Lewis Hamilton’s Mercedes team have been drawn into a ‘cheating’ storm that casts a shadow over the 70th Anniversary Grand Prix.
The touchpaper was lit on Friday morning when the FIA fined Racing Point £361,000 and stripped them of 15 points for copying parts of the Mercedes car.
But most intriguing is reference in the verdict to a ‘transfer from the former to the latter of a complete set of Mercedes 2019 BDs (brake ducts) that arrived at Racing Point on or about January 6, 2020.’
Although the stewards acknowledged this ‘did not constitute a significant breach of the sporting regulations’, it raises the awkward question of why elements of one team’s car ended up inside the Silverstone factory of another.
The judgment found that 10 times between November 2018 and October 2019 champions Mercedes provided Racing Point with computer-aided design models for parts that helped to build this year’s car, dubbed the ‘Pink Mercedes’ by disgruntled rivals.
In an apparent conflict of interest, Mercedes team principal Toto Wolff bought shares in Aston Martin in April, which have since been diluted by a rights issue to a 0.95 per cent stake. Aston’s chairman is the Austrian’s friend, Canadian billionaire Lawrence Stroll, who will next season rebrand Racing Point, where he is co-owner, as Aston Martin.
Ferrari indicated they would appeal seeking a sterner sanction, possibly along with Renault — who first challenged the legality of the Racing Point cars — and McLaren.
Several teams see it as illogical that cars deemed to have broken the regulations are still allowed to race and collect prize money. Although the docked constructors’ points moved Racing Point from fifth to sixth in the standings, their drivers Lance Stroll, son of the team owner, and Sergio Perez, have escaped sanction. Nor will Racing Point be asked to redesign their car, even the controversial brake ducts.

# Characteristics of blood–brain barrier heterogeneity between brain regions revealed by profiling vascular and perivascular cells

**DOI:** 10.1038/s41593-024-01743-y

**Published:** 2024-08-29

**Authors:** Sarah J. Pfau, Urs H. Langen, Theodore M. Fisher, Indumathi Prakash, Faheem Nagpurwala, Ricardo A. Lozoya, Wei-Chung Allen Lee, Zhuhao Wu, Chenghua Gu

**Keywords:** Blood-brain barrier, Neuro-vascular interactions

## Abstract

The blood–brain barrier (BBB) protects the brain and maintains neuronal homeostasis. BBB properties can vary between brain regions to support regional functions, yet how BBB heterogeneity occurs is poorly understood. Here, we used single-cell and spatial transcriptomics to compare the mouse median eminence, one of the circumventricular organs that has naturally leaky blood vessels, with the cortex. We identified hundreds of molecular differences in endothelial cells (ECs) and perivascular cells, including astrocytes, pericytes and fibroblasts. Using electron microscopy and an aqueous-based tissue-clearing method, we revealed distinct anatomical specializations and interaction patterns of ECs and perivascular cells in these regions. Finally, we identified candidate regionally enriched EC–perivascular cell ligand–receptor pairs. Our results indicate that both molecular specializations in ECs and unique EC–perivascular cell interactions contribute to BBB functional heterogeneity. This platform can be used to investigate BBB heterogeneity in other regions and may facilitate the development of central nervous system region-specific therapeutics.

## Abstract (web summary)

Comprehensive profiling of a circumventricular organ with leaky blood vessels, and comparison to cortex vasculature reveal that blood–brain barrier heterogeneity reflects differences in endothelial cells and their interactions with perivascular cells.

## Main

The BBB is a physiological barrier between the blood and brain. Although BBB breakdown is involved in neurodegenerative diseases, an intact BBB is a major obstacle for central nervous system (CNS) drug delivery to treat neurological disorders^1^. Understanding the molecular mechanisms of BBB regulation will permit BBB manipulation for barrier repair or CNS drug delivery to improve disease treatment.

McLaren chief executive Zak Brown said: ‘They (Racing Point) claimed that they had copied the car via photography. It’s clear from reading the document that that is BS.
‘And therefore you have to question everything else around that car. This is potentially the tip of the iceberg.
‘I don’t think it’s healthy for the sport. The constructor gets a penalty but the drivers don’t. As teams we all compete with each other, but then the drivers compete with each other and are able to keep their points when driving for the drivers’ championship. It’s confusing for the fans.
‘I think it’s thrown up a lot more questions than answers. I am concerned that they still have what was deemed illegal in Austria on the race car now. How is something that is not legal in Austria still on the car?’
Wolff declined to comment directly on his involvement with both Mercedes and Racing Point, but said: ‘We feel 100 per cent comfortable with our position. We have read the rules over and over again. The verdict that came out today is extremely complicated, and comes up with an interpretation that is new to all of us.
‘We have provided certain data in 2019, which was totally within the rules. The January 6 delivery of ducts has no material effect on any of the action.’
Racing Point, who are also considering whether to appeal, will be without Perez this weekend after he again failed a Covid-19 test — the only positive result among more than 5,127 tests of F1 personnel over the past week. The Mexican’s place will be taken by German Nico Hulkenberg.
Meanwhile, the real Mercedes cars set the pace in practice on Friday. Hamilton was fastest, with team-mate Valtteri Bottas second best.
Hamilton only required three wheels on his final lap a week ago to triumph in the first part of this Silverstone double-header. ‘It would be incredible for me and the team to have two British GP victories in successive weeks,’ said Hamilton (left), ‘but there is a lot of work to do.’